I remember yielding to temptation for the first time when I was about seven years old. I’m sure there were thousands of times prior to that. It’s just the first I can remember.
When I was that age you could walk to the corner store and no one worried. Our corner store was named “Thrifty Mart” and I went there often.
On the day in question I remember seeing a packet of “Famous Monsters Bubble Gum Trading Cards” - and I wanted them. Badly.
I was a huge monster movie lover. Still am. So Universal’s “Famous Monsters,” packaged with that neat lil’ square of pink, brittle, bubble gum, was proving too much for me to resist.
I was going to have them.
I remember looking around - this way and that - and then, as cunningly as a kid of seven could, I slipped them into the back pocket of my jeans.
With my heart pounding like I was in cardiac arrest I walked out of the store, and to my great surprise I got away with my first crime. Slick little me had heisted the cards and had not been caught.
As I looked over my five finger discount, on the way home, I didn’t feel very happy. In fact, I felt so bad it was sucking every bit of giddiness out of me.
I passed a terrible night. The next morning I repackaged the cards in saran wrap, Scotch-taped the corners closed, scampered back to the store on my seven year old legs, and somehow managed to put the cards back on the shelf at Thrifty Mart without being detected.
I won’t bore you with how much scarier it was to return the obviously-already-been-opened package than it had been to steal it in the first place. I’ll just say this: I was relieved my life of crime was over.
But it wasn’t. Far from it.
I wish I could claim I never took anything else that didn’t belong to me. It would be many years and an epiphany or two later before I came to grips with the fact that it was wrong to boost even a pencil that wasn’t mine.
Why didn’t the frightening experience at Thrifty Mart cure me? Because my desire to have things that didn’t belong to me proved greater than my fear of getting caught.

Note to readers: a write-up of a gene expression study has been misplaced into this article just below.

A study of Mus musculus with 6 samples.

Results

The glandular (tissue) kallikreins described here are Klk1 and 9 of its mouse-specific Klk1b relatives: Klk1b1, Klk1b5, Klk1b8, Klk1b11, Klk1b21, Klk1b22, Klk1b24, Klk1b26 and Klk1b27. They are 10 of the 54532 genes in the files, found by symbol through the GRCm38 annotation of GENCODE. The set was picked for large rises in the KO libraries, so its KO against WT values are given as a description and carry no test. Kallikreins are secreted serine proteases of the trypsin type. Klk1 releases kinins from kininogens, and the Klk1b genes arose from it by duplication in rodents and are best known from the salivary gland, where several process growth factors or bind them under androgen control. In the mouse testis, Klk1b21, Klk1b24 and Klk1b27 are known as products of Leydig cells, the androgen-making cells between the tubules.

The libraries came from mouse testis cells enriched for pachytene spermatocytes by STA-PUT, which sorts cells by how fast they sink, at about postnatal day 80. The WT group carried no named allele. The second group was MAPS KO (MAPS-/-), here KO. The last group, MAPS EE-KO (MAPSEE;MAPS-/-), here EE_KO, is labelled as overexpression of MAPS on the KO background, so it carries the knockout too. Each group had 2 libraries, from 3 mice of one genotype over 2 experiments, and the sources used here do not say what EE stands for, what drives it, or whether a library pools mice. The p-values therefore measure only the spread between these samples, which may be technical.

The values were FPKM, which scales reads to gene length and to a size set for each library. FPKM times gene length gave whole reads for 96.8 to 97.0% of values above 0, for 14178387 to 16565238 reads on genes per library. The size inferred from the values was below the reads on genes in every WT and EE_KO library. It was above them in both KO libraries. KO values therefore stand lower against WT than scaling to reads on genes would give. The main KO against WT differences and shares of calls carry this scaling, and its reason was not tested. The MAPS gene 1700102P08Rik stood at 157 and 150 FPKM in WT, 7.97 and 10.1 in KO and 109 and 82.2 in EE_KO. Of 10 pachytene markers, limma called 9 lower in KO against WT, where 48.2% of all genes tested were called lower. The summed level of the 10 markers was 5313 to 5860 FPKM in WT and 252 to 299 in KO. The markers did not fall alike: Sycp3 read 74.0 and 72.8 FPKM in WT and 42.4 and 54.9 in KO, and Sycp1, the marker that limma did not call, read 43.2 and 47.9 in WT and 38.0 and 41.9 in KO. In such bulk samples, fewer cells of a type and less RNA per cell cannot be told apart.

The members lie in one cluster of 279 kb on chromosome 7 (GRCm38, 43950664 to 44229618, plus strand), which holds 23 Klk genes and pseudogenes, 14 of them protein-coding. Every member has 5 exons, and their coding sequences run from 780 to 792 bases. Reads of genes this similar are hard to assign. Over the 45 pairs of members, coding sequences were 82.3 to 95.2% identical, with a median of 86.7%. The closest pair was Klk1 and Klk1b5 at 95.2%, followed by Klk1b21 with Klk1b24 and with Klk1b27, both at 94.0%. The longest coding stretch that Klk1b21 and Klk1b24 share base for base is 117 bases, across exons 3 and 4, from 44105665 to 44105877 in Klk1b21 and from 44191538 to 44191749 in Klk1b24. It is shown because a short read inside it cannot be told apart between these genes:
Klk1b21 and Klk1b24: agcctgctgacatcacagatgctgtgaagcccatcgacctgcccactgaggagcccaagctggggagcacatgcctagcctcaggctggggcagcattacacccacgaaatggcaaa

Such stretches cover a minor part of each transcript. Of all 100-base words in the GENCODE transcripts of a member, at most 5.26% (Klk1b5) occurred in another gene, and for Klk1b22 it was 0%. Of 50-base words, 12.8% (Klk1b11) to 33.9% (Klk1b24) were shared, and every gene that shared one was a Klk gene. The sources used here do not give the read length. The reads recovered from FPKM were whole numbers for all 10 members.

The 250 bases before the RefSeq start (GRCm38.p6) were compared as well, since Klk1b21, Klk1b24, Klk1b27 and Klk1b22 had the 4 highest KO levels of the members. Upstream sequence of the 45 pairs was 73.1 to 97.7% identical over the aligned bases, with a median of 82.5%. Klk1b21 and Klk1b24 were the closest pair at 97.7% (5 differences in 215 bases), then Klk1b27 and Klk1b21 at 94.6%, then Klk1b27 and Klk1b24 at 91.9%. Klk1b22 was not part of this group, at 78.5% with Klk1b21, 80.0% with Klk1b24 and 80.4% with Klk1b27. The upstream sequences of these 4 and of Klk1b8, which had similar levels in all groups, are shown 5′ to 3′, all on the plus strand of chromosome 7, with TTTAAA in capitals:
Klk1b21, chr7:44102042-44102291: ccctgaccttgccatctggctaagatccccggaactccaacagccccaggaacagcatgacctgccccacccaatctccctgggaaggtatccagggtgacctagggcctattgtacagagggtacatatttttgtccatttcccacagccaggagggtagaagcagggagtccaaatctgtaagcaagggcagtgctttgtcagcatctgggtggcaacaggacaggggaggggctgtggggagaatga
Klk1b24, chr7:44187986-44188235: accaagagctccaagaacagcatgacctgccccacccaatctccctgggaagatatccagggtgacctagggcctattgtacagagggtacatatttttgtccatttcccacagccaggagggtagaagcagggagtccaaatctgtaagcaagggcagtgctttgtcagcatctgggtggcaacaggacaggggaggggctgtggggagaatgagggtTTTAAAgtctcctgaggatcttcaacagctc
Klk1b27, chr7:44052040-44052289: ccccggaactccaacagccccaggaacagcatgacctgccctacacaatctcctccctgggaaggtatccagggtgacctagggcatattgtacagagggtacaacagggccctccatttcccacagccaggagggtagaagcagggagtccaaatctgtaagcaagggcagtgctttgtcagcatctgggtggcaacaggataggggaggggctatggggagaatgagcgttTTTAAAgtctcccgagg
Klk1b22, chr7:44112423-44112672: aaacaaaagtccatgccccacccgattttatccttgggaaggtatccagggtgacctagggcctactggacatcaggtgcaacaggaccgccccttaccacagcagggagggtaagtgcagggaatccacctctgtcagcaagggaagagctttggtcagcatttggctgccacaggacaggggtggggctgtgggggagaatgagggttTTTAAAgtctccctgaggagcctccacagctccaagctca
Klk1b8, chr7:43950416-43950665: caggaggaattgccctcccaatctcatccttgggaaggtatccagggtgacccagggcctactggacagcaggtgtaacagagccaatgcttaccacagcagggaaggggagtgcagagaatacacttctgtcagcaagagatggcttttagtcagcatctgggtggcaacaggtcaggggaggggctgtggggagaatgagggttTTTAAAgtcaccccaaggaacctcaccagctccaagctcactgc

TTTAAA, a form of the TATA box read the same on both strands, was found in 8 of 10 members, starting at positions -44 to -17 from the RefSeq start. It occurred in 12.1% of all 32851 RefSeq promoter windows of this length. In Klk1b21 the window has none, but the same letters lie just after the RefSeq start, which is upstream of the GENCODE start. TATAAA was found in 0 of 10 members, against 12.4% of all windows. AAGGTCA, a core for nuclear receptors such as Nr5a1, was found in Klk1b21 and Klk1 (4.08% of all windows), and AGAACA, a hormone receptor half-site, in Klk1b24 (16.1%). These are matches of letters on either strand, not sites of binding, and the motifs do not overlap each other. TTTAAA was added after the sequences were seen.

One day I realized what really bugged me about stealing those cards. It wasn’t the fear that I might have been busted. It was that the cards were not mine.
When we yield to temptation we usually end up “stealing” something from someone that we really had no right to take. Whether it’s their peace, their happiness, their possessions, their self worth, their affections, their husband, their wife or whatever it may be - our selfish desire becomes greater than someone else’s welfare.
No matter how much we may fear the consequences of hurting others by our “thefts,” fear rarely keeps us from doing just that.
Love is a much more powerful motivation than fear. Love will keep us from doing things that fear never can.
Love will never march into a person’s life and take their affections under false pretenses. If we know in our heart we desire a different kind of relationship than someone who likes us, truly loving them can keep us from hurting them where the fear of consequences might fail.
Love can keep us from self-absorbingly torching someone in anger where fear of reprisal may only give us momentary pause.
Yes, there are usually opportunities to “fix” things afterwards - but that’s kinda like repackaging the “Monster Cards” in saran wrap. The owner of those feelings is never exactly the same because of our theft.
Love helps us remember that there are human beings on the other end our selfish desires. Love reminds us that a moment of pleasure we steal may hurt a person for life while leaving visible “scars.”
Of course we’ll blow it sometimes when it comes to temptation. That’s the acid test of being human. People who feel they never blow it are the scariest kind of people to be around.
What matters most is whether we care about the lives of others as much we do our own. If we do, then temptation is in for a fair fight.